1990 Dec 2 – 1st Sun Advent (Bulletin Letters)

1990 Dec 2 – 1st Sun Advent (Bulletin Letters)

Pastoral Writings

90 12 02 – My return to parish ministry / Bp Bullock

First Sunday of Advent

Dear Friends:

Right now I’m really feeling swamped with all the catching up I need to do. My house is a mess . All my belongings are packed away with nothing in its right place. It will take me at least two weeks to get my ‘things’ in order and put my posters back on the wall. I know I’m back in my own house, but I can’t call it home yet because I don’t know where anything is. As I sat down to write this letter, I discovered that my typewriter is shot!  Life on the outside is all too complicated.  Jail was much more predictable – but not nearly as fun….

Much of my anxiety comes from the emotional drain the last seven months has had on me. I really needed, and appreciated, the month break the Bishop gave me before sending me back to you. I had an excellent retreat experience in, Albuquerque, N.M. Most of the rest of the month was spent visiting friends and family. I did get to visit Bishop Dingman in St. Paul, IA. He is in much the same shape as he was when I last saw him. Do keep him in your prayers. My presiding and preaching at the weekend masses at the Student Center of the Univ. of Minnesota, in Minneapolis, on Christ the King Sunday, was a good experience even though the Hawks got beat by the Gophers that weekend in football.  I told the students that they “might have won the game, but Iowa wi11 still get to go to the Rose Bowl!”

I met with Bishop Bullock on Thursday afternoon, just before I headed back to Harrison County.  It was a good meeting. The Bishop was very supportive of me personally, as he has always been.  I’m still trying to integrate and discern what the last seven months were all about and what I must do now. This is particularly challenging given the state of the world these days and the U. S. poised to go to war in the Middle East. I know in my bones that initiating a war with Iraq, to reclaim Kuwait, would be obscene. The loss of human life and the mass destruction would far outweigh the atrocities already committed by Iraq’s aggression. The dilemma for people like me, who belong to the Resistance Church and see with such clarity the moral issues of war and peace, is:  “What must I do to say ‘No’ to this crazy spirit of war that has infected the Administration?”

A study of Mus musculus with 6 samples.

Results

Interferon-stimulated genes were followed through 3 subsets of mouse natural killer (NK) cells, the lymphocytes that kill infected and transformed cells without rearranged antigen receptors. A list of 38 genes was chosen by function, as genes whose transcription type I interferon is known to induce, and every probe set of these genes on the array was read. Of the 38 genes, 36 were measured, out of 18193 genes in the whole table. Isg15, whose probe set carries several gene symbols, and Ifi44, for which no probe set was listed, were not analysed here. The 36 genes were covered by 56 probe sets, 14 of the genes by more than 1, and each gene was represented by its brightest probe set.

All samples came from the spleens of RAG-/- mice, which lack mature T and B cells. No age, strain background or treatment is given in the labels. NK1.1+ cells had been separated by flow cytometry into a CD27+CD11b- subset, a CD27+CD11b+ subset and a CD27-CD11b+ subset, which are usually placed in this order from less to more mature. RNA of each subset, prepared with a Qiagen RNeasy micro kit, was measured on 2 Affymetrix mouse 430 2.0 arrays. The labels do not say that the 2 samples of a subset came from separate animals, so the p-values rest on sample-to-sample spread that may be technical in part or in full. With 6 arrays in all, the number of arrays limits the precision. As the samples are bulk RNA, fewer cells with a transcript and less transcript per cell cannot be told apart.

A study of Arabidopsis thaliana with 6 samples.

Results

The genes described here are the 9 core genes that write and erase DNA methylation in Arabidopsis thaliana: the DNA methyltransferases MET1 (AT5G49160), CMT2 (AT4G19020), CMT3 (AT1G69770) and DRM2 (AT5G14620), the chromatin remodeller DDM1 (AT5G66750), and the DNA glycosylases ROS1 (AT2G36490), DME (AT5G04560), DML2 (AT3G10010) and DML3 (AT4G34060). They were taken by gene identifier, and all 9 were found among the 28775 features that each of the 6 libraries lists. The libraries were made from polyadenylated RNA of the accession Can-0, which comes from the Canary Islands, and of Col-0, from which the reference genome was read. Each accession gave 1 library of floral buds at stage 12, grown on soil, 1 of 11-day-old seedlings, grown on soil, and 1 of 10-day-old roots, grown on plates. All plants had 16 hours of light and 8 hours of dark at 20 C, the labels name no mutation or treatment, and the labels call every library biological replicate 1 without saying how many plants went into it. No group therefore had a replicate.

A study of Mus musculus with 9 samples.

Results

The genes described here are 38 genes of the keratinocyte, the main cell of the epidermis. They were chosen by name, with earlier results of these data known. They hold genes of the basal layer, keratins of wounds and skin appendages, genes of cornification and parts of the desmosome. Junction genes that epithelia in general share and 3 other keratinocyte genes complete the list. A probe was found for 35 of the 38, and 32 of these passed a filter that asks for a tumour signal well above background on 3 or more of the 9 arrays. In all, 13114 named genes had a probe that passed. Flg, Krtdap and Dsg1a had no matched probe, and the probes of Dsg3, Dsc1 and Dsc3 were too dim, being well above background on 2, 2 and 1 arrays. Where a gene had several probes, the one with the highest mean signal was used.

Lucky for me, I’m back with you – the people of Holy Family and St. Anne’s parishes. There is a spiritual “groundedness” that comes with being here. Fulfilling the role of pastor/priest has been a very healthy and rewarding, task. (It would be for anyone!) I look forward to getting back into the swing of things. The last five and a half years has afforded me a depth and balance to read the signs of the times with a faithful eye and a loving heart. The world may be going crazy all us; yet, I have discovered a basic goodness in the everyday life of our parish communities. At the center of our community life lies the weekly liturgies. Each week families and friends gather around the table of the Lord to share God’s Word and God’s food.  These weekly gatherings, with their changing liturgical seasons, give us a full measure or the Gospel’s blessings and challenges. From these weekly liturgies, all other community life flows. As your priest and pastor, I have the privilege of living and working at the center of your parish life, of administering the Church’ s sacraments, and being with you as you face the challenges of your daily lives. It’s a good place to be, with many rewarding experiences.

You need not worry about my being transferred. The Bishop has assured me that I’ll be in Harrison County for the foreseeable future.

Nor will I be crossing the line at SAC in the near future. What I am looking forward to is getting back in touch with as many St. Anne’s and Holy Family folks as I can, being your pastor-a priest in your midst, and being a good friend. I know that for many of you this past year has been rough. My crossing the line at SAC, the trial and the jail time that followed, the changing of priests, and now my return, has caused anxiety and stress for the whole community. I apologize to anyone who might have been hurt in the process. I hope to make it up to you by my attentive service in the months to come. I want to touch base with as many folks as I can, but I can’t see everyone at the same time. If I don’t see you right away, give me some time to catch up.

Advent is a great season to be returning home. It is the season of great promise seeking fulfillment. For six months, I have looked forward to the day of my return. It has come and my fulfillment is at hand!